Harpreet Chana


As pharmacists navigate a third lockdown with unprecedented demand for their services, pharmacy teams are likely to face prolonged periods of stress, writes Harpreet Chana…

It’s been 12 months since my last article where I highlighted the amount of stress that pharmacists were facing and that we all needed to do more as a sector to ensure that they were better equipped to deal with it… Who could have known that a mere 12 months later we would be facing the kind of crisis that many of us would never have imagined in our lifetime?

In my last article, I reported that 60 per cent of pharmacists were at high or very high risk of burnout. Last November’s annual wellbeing survey from the RPS and Pharmacist Support showed that this figure has now increased to 89 per cent. That’s almost nine in every 10 pharmacists who feel that they are at high risk of burnout.

We hear the word burnout all the time, but many do not realise what it is. Burnout actually comes from prolonged stress. And that is the one thing we are all facing right now as we navigate through a third lockdown with unprecedented demand for pharmacy services (including vaccination), staff shortages, drug shortages and home-schooling, all against the backdrop of the underlying fear that we or our loved ones might catch the virus and become sick. It is relentless and there is no end in sight.

We have to act now.
I know from first-hand experience how much burnout can cost you professionally and personally. More and more pharmacists are pushing themselves to the brink – working long hours, not taking lunch breaks or annual leave and then having to take weeks, sometimes months off to recover from prolonged stress and burnout.

And even then, they don’t always come back to the same job as that was usually the cause of burnout in the first place. And so, workplaces are losing valuable staff too.

So, what can we do? There are so many external pressures that cannot be changed, especially at the moment; the unprecedented demand, the long hours, the lack of resources, the lack of funding, among others. But what we can change is how we deal with it all, how we respond and what action we choose to take. That’s what mental wealth is. And it is why I train and coach in mental wealth not health; because it is the sure-fire way to prevent stress, anxiety and burnout from taking hold.

It is my belief that as pharmacists, we end up developing certain personality traits that come as a result of the job we do, that actually predisposes us to stress and anxiety. I have been covering this in the free webinars I have been running for pharmacy staff throughout January on burnout and all the attendees have agreed with me on this.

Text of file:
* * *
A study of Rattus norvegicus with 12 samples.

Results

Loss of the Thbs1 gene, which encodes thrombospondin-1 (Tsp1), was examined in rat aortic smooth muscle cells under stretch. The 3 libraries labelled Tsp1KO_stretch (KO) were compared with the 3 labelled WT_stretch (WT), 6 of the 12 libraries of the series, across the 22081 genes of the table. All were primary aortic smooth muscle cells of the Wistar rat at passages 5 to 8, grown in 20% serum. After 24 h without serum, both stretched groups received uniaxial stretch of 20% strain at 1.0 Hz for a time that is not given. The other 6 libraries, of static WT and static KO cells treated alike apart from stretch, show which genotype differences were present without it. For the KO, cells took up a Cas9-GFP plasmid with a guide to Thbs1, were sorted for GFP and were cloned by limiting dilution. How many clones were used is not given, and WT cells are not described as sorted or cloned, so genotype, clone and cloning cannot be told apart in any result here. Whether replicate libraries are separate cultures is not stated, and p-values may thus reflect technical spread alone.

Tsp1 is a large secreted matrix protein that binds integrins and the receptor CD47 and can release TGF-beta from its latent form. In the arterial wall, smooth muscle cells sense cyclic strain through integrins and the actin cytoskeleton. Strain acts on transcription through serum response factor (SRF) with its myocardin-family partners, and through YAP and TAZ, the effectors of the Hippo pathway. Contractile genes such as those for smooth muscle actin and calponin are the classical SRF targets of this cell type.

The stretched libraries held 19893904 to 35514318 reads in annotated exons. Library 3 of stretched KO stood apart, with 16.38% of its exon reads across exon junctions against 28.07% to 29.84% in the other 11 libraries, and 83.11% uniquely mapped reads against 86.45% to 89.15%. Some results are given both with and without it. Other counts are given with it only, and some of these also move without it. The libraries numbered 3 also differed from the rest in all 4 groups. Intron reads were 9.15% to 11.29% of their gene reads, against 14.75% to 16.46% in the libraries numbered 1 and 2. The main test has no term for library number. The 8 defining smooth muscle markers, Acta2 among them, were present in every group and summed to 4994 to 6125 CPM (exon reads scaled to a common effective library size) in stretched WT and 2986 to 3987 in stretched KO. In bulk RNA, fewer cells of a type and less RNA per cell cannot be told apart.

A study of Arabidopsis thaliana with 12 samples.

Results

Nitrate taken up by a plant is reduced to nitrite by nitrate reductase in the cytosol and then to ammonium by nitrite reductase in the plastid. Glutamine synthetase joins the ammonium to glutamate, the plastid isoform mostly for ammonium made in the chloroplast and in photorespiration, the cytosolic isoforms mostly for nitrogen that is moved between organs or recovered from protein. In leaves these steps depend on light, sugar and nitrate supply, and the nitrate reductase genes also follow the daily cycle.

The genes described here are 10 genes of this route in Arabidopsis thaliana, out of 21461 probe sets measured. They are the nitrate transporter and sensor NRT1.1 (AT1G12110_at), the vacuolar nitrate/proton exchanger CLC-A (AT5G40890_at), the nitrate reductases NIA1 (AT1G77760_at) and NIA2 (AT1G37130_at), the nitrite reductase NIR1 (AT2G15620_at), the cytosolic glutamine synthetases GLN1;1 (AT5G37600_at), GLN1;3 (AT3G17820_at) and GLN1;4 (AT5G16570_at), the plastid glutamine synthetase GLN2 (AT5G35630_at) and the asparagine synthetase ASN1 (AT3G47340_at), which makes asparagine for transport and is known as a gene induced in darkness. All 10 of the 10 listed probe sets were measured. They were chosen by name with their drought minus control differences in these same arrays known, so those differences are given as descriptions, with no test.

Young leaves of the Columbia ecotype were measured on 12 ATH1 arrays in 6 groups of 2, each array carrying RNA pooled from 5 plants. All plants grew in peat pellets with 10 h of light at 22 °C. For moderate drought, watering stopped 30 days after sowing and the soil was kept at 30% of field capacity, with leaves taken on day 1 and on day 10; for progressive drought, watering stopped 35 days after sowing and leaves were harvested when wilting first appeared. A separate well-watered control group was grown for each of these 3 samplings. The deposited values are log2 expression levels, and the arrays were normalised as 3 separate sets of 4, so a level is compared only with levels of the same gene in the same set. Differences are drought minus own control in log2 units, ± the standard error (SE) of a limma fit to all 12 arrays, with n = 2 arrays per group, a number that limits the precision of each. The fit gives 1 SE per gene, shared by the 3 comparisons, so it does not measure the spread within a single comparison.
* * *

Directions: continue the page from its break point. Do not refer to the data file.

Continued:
In a job where we have to check the accuracy of everyone else and we ourselves must be 100 per cent accurate – because otherwise people could die – massive perfectionism results. The huge fear we have around making mistakes or failing can spill over into everything we do and pretty soon we work ourselves into the ground to make sure everything is done ‘right’ – at home and at work.

Pharmacists are pushing themselves to the brink

This means that we end up with high unrelenting standards of ourselves and of others which, if not met, we struggle to deal with. If others don’t meet those standards, we can end up feeling frustrated and take on their work ourselves because we can do it quicker or accurately.

Or as caregivers, we will sympathise and take on the work because others may not be able to do it. Whichever way, the result is that we take on far too much, struggle to say no and struggle to delegate.

If we ourselves fail to meet our own high standards, however, there is no such self- compassion. Instead, we beat ourselves up for not being able to do the task(s) and feel immense guilt. I always say that if you could cut through a pharmacist, like a piece of rock they would have the words worry and guilt running through them. And this constant worry, guilt at not having done XYZ, punishing self criticism and the constant comparison with others who ‘seem to be coping’ while you are not, is the problem.

Add to the mix that pharmacists struggle to open up about how they may not be coping for fear of recrimination or the potential impact to their career and it’s not difficult to see where the 89 per cent risk at burnout figure comes from.

So how do we begin to tackle this?
Well, seeing and recognising this in ourselves in the first step, and I know many will be reading this and nodding their heads in agreement because this is what they do and how they feel. Next comes actively working to start changing the way you think and the way you work.

It may seem impossible but I help my pharmacist clients with this every day, it is possible. And once you are free from the shackles of perfectionism, guilt and worry, my goodness, is it liberating!

Imagine a world where you can switch off from work effectively and relax without feeling guilty; where you are able to be still without your mind racing a million miles a minute, say no to people with integrity and prioritise your work in a way that ensures the important things get done and everything else is taken care of. It does exist, I promise.

I am hoping, however, that I have made you stop, even momentarily today, and think about how the very nature of your job is contributing to how you may be feeling right now. And to reassure you that you are not alone; so many others are in the same boat.

Please don’t feel like you are the only one who isn’t coping, the majority of us are not, despite what our social media might be saying. Speak up if you are struggling. Don’t wait until it gets unmanageable. No one will judge you and sometimes just talking about it out loud can help.

Harpreet Chana is the founder of The Mental Wealth Academy.